1. Mar 20, 2009 #1
    I am studying further about Gaussian optics.
    When Gaussian beam pass through a lens, the waist location is given by

    (z'-f) = (z-f)M^2

    Where, z' is the waist location after lens, z is waist location before lens, f is the focal length of the lens M is the magnification.

    In Gaussian optics, the magnification M is given by Mr/(1+r)^(1/2), the r of Mr should be subscript is the ray optics magnification f/(z-f), the r is given by z0/(z-f), z0 is the Rayleigh length.

    However, I try to use ABCD laws on q-parameter, and also geometrically and algebraically, still can't prove the waist location is given by (z'-f) = (z-f)M^2. Can you give me some idea to solve it?
    1. The problem statement, all variables and given/known data

    2. Relevant equations

    3. The attempt at a solution
  2. jcsd
  3. Mar 22, 2009 #2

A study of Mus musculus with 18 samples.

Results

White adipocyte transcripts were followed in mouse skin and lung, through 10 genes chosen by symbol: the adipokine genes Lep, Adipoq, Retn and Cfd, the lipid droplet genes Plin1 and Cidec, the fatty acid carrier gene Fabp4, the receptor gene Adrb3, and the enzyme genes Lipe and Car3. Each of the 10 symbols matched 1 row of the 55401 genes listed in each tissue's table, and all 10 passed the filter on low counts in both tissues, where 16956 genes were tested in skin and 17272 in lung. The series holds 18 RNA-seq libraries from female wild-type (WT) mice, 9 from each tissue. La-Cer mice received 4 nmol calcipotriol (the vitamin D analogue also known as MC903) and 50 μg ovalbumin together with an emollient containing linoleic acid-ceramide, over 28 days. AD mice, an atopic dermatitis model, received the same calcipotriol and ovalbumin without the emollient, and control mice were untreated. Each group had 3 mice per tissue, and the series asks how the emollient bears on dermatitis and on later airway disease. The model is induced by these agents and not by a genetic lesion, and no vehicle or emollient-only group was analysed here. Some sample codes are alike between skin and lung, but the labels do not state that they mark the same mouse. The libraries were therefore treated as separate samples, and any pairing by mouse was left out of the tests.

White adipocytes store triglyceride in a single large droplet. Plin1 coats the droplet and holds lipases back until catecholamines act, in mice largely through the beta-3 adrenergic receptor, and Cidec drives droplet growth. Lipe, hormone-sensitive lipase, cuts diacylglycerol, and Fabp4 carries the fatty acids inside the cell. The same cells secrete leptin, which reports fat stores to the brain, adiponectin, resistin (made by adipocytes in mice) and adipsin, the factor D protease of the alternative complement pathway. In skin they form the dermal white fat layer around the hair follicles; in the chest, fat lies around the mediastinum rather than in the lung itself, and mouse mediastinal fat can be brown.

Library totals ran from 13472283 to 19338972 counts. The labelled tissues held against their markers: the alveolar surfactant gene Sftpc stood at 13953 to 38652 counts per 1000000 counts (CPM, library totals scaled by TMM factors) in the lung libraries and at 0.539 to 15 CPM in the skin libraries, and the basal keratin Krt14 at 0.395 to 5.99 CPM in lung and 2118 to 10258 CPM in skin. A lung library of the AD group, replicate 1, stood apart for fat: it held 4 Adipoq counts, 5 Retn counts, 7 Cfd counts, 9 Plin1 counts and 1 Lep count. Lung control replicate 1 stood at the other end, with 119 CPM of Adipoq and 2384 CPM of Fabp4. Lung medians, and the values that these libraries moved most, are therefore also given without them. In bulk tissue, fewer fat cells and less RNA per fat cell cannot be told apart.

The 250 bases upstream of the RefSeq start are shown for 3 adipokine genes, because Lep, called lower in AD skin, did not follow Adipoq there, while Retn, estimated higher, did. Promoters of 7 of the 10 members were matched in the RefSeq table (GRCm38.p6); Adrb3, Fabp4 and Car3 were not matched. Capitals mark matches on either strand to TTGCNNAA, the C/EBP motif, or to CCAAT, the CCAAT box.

I've not seen the focal position put in terms of m like that before, so I'm not how much I can help. But, perhaps you could show more details of the ABCD calculation you did. If the error is in that, I can probably help.
  4. Mar 22, 2009 #3
    then is it possible for you to prove

    z' = f(z^2 + z0^2 - fz)/(z - f)^2 + z0^2

    ??? the ABCD should be no problem. Just the algebraic don't how to prove it to be.
  5. Mar 23, 2009 #4



    Since you're new here, I'll just point out that the policy here is for the student to show some work towards solving the problem, before getting help from others.

    Obviously you're an advanced student, but we do get other people here who don't bother to try any work, or even look up basic equations in their text book, and expect others to give them answers--which they don't learn from since they weren't encouraged to engage their own brain in the problem.